Spring is about professional development at PCS

Spring is about professional development at PCS
Posted on 04/17/2019
PCS teachers gather at a recent conferenceThis spring is “professional development season” at Plumas Charter School, said PCS Executive Director Taletha Washburn. Teachers from all four PCS learning centers recently attended several conferences and training sessions, as well as a certification program.

“Professional development is an important aspect of teacher and staff culture at PCS,” said Washburn. “We are proud to support our employees who are passionate about what they do and want to stay up with the latest developments in their field.”

This year’s opportunities began in March, when PCS teachers attended two conferences: the California Charter Schools Association conference in Sacramento and the California Council for Social Studies conference in San Jose.

A current critical theme in education is “social emotional learning,” and several teachers said the conferences helped them explore this concept. “There were great social emotional learning strategies to help students of all ages improve their focus and channel their energies to help them be more successful in their learning,” said Cindy Thackeray, who teaches at PCS’s Quincy Learning Center.

Teachers reported gaining information and insight during “interesting and engaging” presentations and breakout sessions, but they also stressed the importance of the opportunity to network.

“It is always nice to hear how other charter schools operate and be reminded about the importance of having different choices for students in our community,” said QLC teacher Brittini Wade.

Katelyn Johns, also a teacher at QLC, pointed out the additional value of PCS teachers networking with each other: “The conference was a really valuable time for me to collaborate with my coworkers and make sure we are using the same common language and practices,” she said.

QLC kindergarten teacher Inge Stock agreed. “This conference was a great opportunity to collaborate with my colleagues about the curriculum we are using now as well as set goals for our future,” she said. “I feel privileged to be a part of the PCS team and appreciate how we are able to work through challenges together.”

Keri Reed, lead teacher at the Chester Learning Center, said she especially values the chance to collaborate with colleagues whom she might otherwise see only a couple of times a year. “We had lots of time to discuss the best of what is going on in each (PCS) site and return energized by what we learned,” she said.

While her colleagues attended conferences, PCS’s outdoor education coordinator, Courtney Gomola, was in Idylwild, completing the rigorous Wilderness First Responder training and certification course.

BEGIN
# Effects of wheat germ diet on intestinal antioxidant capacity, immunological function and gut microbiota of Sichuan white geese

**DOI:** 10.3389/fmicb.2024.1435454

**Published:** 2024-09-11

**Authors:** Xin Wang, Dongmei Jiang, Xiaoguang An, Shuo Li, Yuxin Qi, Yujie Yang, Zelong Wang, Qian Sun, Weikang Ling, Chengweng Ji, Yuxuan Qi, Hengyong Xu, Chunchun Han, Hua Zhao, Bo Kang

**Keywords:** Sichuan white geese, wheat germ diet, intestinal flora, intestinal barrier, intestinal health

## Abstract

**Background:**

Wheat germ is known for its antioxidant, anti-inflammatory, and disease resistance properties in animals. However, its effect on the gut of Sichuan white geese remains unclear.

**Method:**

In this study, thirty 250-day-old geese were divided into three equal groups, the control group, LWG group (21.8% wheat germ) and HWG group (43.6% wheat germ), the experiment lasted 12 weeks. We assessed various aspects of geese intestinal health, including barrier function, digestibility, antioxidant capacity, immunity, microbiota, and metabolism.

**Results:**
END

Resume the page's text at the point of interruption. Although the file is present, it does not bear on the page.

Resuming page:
One of Gomola’s roles is leading students in outdoor adventures; this means at some point she may need to assess and manage medical problems in wilderness environments.

“Learning the skills of a wilderness first responder has dramatically expanded my understanding of what makes a medical problem an emergency, and how to manage both emergency and non-emergency situations,” said Gomola.

“We also spent a good portion of time talking about some of the medical problems that currently exist within our student population, which also makes me a lot more confident in managing any of those challenges that might arise in the field.”

On April 1, PCS presented a teacher training by Jon Corripo, the director of CUE (Computer Using Educators), an organization based in Walnut Creek that promotes “better teaching and the seamless use of classroom technology.”

“Teachers learned about some quick, simple technology resources that they were able to embed the next day,” said Washburn. “These free, easy ideas help teachers become better facilitators.”

Washburn said CUE’s strategies provide a way for students—who are already excited about screens and devices—to engage productively with technology in the classroom, all without increasing teachers’ workload.

And “professional development season” isn’t over yet for PCS! At the end of April, the PCS administration team will attend a special workshop hosted by Angela Chiarenza, a leadership development coach, aimed at creating and implementing an administration framework for the next three to five years of the school’s future.

Plumas Charter School operates learning centers in Quincy, Taylorsville, Greenville, and Chester. To learn more, visit plumascharterschool.org or call (530) 283-3851.

Teacher quotes
“I learned a lot about the importance of student engagement and the value of social emotional learning.” —Katelyn Johns

“It was great to spend time with colleagues. One of the best parts of teaching at Plumas Charter School is the amazing colleagues I have the privilege of working with.” —Cindy Thackeray

“Teachers can talk about education all day, every day. The problem is, we don’t want to burn out our friends and family. The CCSA conference felt like a guilty pleasure where it was OK to focus solely on the job that we love so much.” —Melanie Strahm

In the photo: Plumas Charter School teachers proclaim that they “Stand for all Students” at the California Charter Schools Association conference in Sacramento. Back, from left: instructional aide Mandi Fullerton, teacher Katelyn Johns, lead teacher Keri Reed, teacher Hannah Stewart, and teacher Brittini Wade. Front, from left: teacher Cindy Thackeray, teacher Melanie Strahm, and teacher Inge Stock.